Zero hour contracts: their rise…and potential fall?
Zero hour contracts have grown in popularity over recent years, and have made the headlines over the last couple of weeks. The Office of National Statistics has estimated that around 200,000 staff are now employed in this way (Estimating Zero-Hour Contracts from the Labour Force Survey, July 2013). However, it is thought that this is an underestimate, with the reality being more like one million (Chartered Institute of Professional Development, 5 August 2013).
Vince Cable thinks they are being abused and has announced a review of their use.
So what are zero hour contracts and why are they used?
Zero hour contracts are generally used to engage individuals on a genuinely ad hoc, as required, basis, where an individual is only paid for the work actually carried out (usually hourly). As the term has no definitive legal meaning it can be interpreted differently in practice. It can be used to describe the arrangement whereby a worker is expected to be available for work if called upon by an employer, but with no corresponding obligation on the employer to provide any work or, alternatively, it can describe an arrangement where a worker is free to accept or refuse work when offered, so that there is no obligation on either party.
The use of zero hour contracts has traditionally been used for lower paid casual jobs such as bar work, retail, hospitality and care in order to cope with the required staffing levels that can be particularly unpredictable. However, recently they have been used by the NHS and educational establishments.
Are they all bad?
Zero hour contracts have recently come under a lot of criticism in the press, for being exploitative and taking advantage of workers’ weak bargaining positions.
On one side of the coin, zero hour contracts do not guarantee a minimum number of hours each week which can affect an individual’s ability to plan financially and manage regular outgoings such as rent or mortgage payments.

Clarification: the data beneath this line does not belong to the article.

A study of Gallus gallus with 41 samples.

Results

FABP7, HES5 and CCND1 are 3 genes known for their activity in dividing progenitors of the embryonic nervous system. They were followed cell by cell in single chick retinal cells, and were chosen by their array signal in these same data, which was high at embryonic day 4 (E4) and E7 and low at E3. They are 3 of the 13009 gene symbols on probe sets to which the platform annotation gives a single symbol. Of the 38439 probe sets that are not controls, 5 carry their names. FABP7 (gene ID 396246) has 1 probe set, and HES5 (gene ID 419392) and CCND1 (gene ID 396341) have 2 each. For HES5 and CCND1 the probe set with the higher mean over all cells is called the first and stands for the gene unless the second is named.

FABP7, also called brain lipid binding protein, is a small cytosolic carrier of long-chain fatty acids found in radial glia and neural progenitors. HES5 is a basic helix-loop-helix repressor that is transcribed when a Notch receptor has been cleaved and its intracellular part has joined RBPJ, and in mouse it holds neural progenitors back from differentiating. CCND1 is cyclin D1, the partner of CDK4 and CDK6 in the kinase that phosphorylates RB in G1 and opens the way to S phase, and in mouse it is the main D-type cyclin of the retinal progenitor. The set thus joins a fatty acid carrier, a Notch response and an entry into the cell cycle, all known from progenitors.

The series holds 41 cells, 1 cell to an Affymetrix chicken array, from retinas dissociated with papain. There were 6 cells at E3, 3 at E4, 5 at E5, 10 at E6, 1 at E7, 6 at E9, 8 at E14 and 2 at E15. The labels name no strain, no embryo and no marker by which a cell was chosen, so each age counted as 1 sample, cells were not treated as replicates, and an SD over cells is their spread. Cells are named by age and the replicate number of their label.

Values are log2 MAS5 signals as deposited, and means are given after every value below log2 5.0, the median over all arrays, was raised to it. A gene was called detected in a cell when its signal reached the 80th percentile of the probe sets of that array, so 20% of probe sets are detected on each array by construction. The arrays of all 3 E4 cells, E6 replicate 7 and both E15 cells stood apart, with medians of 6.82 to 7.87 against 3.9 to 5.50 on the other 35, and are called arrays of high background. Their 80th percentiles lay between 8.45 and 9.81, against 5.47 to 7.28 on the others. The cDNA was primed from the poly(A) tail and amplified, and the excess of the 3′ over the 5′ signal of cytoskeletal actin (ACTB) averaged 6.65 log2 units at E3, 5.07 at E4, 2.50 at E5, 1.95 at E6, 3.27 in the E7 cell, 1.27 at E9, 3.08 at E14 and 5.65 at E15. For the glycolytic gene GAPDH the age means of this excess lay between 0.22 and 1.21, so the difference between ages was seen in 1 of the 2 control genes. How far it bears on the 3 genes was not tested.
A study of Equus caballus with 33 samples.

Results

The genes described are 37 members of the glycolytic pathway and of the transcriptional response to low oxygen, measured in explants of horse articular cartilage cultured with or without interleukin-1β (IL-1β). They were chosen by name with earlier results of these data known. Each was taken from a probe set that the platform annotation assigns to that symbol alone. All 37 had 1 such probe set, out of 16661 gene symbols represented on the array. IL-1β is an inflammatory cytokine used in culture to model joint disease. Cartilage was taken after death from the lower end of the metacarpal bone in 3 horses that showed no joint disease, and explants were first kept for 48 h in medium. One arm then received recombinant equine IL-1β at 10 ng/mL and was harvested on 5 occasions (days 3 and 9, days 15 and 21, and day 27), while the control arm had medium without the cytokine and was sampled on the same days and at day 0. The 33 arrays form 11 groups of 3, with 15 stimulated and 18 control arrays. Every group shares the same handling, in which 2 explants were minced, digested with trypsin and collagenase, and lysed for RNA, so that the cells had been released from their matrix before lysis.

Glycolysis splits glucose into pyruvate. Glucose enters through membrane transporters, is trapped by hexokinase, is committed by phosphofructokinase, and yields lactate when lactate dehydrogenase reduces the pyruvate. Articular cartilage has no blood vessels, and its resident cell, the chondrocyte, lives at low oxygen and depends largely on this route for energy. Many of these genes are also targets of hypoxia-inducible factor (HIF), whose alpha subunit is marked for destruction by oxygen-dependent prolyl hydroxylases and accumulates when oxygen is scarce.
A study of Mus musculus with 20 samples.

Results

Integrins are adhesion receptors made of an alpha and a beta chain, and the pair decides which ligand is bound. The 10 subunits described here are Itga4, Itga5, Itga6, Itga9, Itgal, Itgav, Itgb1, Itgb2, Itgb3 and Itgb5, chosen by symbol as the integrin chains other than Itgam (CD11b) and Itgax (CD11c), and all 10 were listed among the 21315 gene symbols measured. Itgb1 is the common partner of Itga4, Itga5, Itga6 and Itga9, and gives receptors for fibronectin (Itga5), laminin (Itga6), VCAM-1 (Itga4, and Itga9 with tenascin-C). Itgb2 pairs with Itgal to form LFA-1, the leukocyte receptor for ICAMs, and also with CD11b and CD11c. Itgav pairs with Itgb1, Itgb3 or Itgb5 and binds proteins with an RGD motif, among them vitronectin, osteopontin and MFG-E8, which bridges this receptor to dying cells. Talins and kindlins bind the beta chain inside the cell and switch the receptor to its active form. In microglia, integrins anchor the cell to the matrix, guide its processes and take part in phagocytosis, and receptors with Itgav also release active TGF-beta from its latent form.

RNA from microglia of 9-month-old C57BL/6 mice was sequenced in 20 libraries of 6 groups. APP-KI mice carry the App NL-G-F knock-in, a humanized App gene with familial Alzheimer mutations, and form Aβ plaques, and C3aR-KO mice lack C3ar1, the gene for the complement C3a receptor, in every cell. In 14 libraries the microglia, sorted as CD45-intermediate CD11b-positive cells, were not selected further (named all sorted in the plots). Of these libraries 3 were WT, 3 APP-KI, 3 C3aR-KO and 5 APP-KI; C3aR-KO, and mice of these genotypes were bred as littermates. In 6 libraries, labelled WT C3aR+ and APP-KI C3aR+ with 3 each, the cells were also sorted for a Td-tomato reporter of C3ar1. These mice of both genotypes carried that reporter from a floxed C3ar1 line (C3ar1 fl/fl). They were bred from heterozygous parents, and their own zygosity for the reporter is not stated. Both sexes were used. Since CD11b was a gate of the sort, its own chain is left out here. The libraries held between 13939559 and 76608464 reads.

On the other side, although zero hour contracts may not be able to provide a predictable income, they can provide useful flexibility for some people who want occasional earnings and need flexibility in terms of when they work. For example, zero hour contracts may allow some students, parents and others with care responsibilities to work when they might otherwise not be able to.
Whatever position is taken on the issue, it is important for employers to stop and consider the potential implications of zero hour contracts.
Things to consider…
- There is the question of employment status. Employers might use zero hour contracts thinking that they limit the scope of statutory protection an individual has because they are not an ‘employee’. If an employer does not have to provide any work, and a worker does not have to accept it, then yes, it is less likely that an individual would be classed an employee, although there is still no guarantee. However, in practice a lot of employees on zero hour contracts are expected to accept the work that is offered to them, and end up working the same regular hours over a long period of time. In these circumstances it is highly likely that an individual would be classed as an employee.
- The use of zero hour contracts could have a detrimental effect on working relationships. A workforce engaged on zero hour workers over a long period of time is more likely to end up feeling dissatisfied and disengaged, with loyalty towards their employer going out of the window and in turn their quality of work deteriorating.
- There is also the reputational risk to consider, especially in light of recent press coverage. Sports Direct, which has come under fire for its use of zero hour contracts for its part time staff, is a good example of this in recent weeks.
- If a zero hour contract is used as it should be, where there is no obligation on either party, it might not meet the needs of a business. An employer that needs to provide continuity of its services may be unable to find someone with the right skills at short notice when faced with a sudden increase in work if workers are under no obligation to accept it.
Vince Cable has ruled out a complete ban, but it is likely that zero hour contracts will be regulated in the future once their use has been reviewed.
This stance would appear to recognise that zero hour contracts do have a place in the economy, for example, in situations where work is infrequent and employers need a bank of casual staff who they can call up for irregular periods of work, but that they should not be abused.
For employers going forward, what might be more appropriate, and beneficial for both parties in the long term, is a minimum hour contract, allowing for variations in line with the particular nature of a business but guaranteeing a minimum number of hours.